One of the variations on making shit up is rewriting history to suit your ideology; as Paul Krugman observes (with an appropriate nod to The Princess Bride):
I’ve often found that when things happen that aren’t supposed to happen according to the prevailing economic or political orthodoxy, reporting quite often describes what “should” have happened, not what actually happened.
New Zealand's economy and society is a common recipient of this treatment. Witness this article and interview with John Key in the Wall Street Journal:
Mr. Key is returning the country to a formula for prosperity that's worked in the past. As in Britain, the U.S. and Australia in the 1980s, New Zealand's government implemented a wide-ranging program of economic liberalization, including deep reductions in tariffs and subsidies, and privatization of state-run industries. The plan, nicknamed "Rogernomics" after then-Finance Minister (now Sir) Roger Douglas, was akin to Reaganomics, and the island nation grew smartly.
We often hear this story from those who argue for "further reforms". The only problem is that it happens to be false. New Zealand's premier economic historian Brian Easton identifes the 1986-1994 "Rogernomics recession" as one of the main places that New Zealand's economy fell behind Australia and the rest of the OECD (the others were the wool price crash of 1966, and he argues to a lesser exent the oil price shocks of the 1970s). Easton suggests that the culprits were high interest rates and a high exchange rate at the same time as much of New Zealand's productive sector was being dismantled. In any case, the 1986-94 dip is clearly visible on this chart.
The WSJ article continues:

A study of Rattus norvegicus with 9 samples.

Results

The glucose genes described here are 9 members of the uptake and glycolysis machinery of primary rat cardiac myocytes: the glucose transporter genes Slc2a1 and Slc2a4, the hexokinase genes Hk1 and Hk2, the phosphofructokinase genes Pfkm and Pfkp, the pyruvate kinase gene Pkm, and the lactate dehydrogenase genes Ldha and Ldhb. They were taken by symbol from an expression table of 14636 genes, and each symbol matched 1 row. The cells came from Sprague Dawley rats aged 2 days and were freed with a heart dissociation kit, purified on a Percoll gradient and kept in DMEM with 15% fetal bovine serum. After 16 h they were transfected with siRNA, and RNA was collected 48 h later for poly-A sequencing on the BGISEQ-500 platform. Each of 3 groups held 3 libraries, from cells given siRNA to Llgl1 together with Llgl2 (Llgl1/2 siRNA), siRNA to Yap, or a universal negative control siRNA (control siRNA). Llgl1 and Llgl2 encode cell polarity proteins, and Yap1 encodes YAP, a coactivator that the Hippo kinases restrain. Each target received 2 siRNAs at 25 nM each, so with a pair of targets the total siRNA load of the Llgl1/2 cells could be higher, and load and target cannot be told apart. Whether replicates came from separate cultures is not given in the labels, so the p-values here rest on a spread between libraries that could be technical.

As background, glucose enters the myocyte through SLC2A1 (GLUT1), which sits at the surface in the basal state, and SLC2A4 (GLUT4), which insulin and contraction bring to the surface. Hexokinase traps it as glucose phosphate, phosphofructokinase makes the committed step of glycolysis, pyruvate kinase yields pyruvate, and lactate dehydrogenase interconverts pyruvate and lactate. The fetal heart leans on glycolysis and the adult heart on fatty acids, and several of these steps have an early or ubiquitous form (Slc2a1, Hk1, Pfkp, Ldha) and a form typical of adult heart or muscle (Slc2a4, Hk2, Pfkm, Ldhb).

But while the U.S. and Australia broadly continued their economic liberalization programs under both right- and left-wing governments, New Zealand didn't -- until now. Over the past nine years, Helen Clark's left-wing Labour government rode the global economic expansion and used the revenue surge to expand government welfare programs, renationalize industries, and embrace causes like global warming. As a result, the economy stagnated while Australia took off.
As you might have guessed, this also happens to be false. The chart above unfortunately ends in 2002, but you can see that New Zealand actually sees a slight uptick against both Australia and the OECD from 2000. Over the whole 1999-2008 period, New Zealand did a bit better than the OECD and was close to keeping pace with Australia, whose own economy boomed during this period. I can't lay my hands on the stats and charts I had bookmarked, but there's a nice presentation of the data in this post, from an Australian addressing some local scaremongering about MMP government.
That's before you get to the non-sequiturs in that paragraph from the WSJ. For example, I'm not clear what "used the revenue surge...to embrace causes like global warming" is supposed to mean. The renationalized "industries", which makes Helen Clark sound like Hugo Chavez, presumably refers to the reluctant rescue of Air NZ and the buy-back of Kiwi Rail. And it is something of a mystery how the Labour government could "use the revenue surge [while]...the economy stagnated".
It would be hilarious if wasn't so depressing.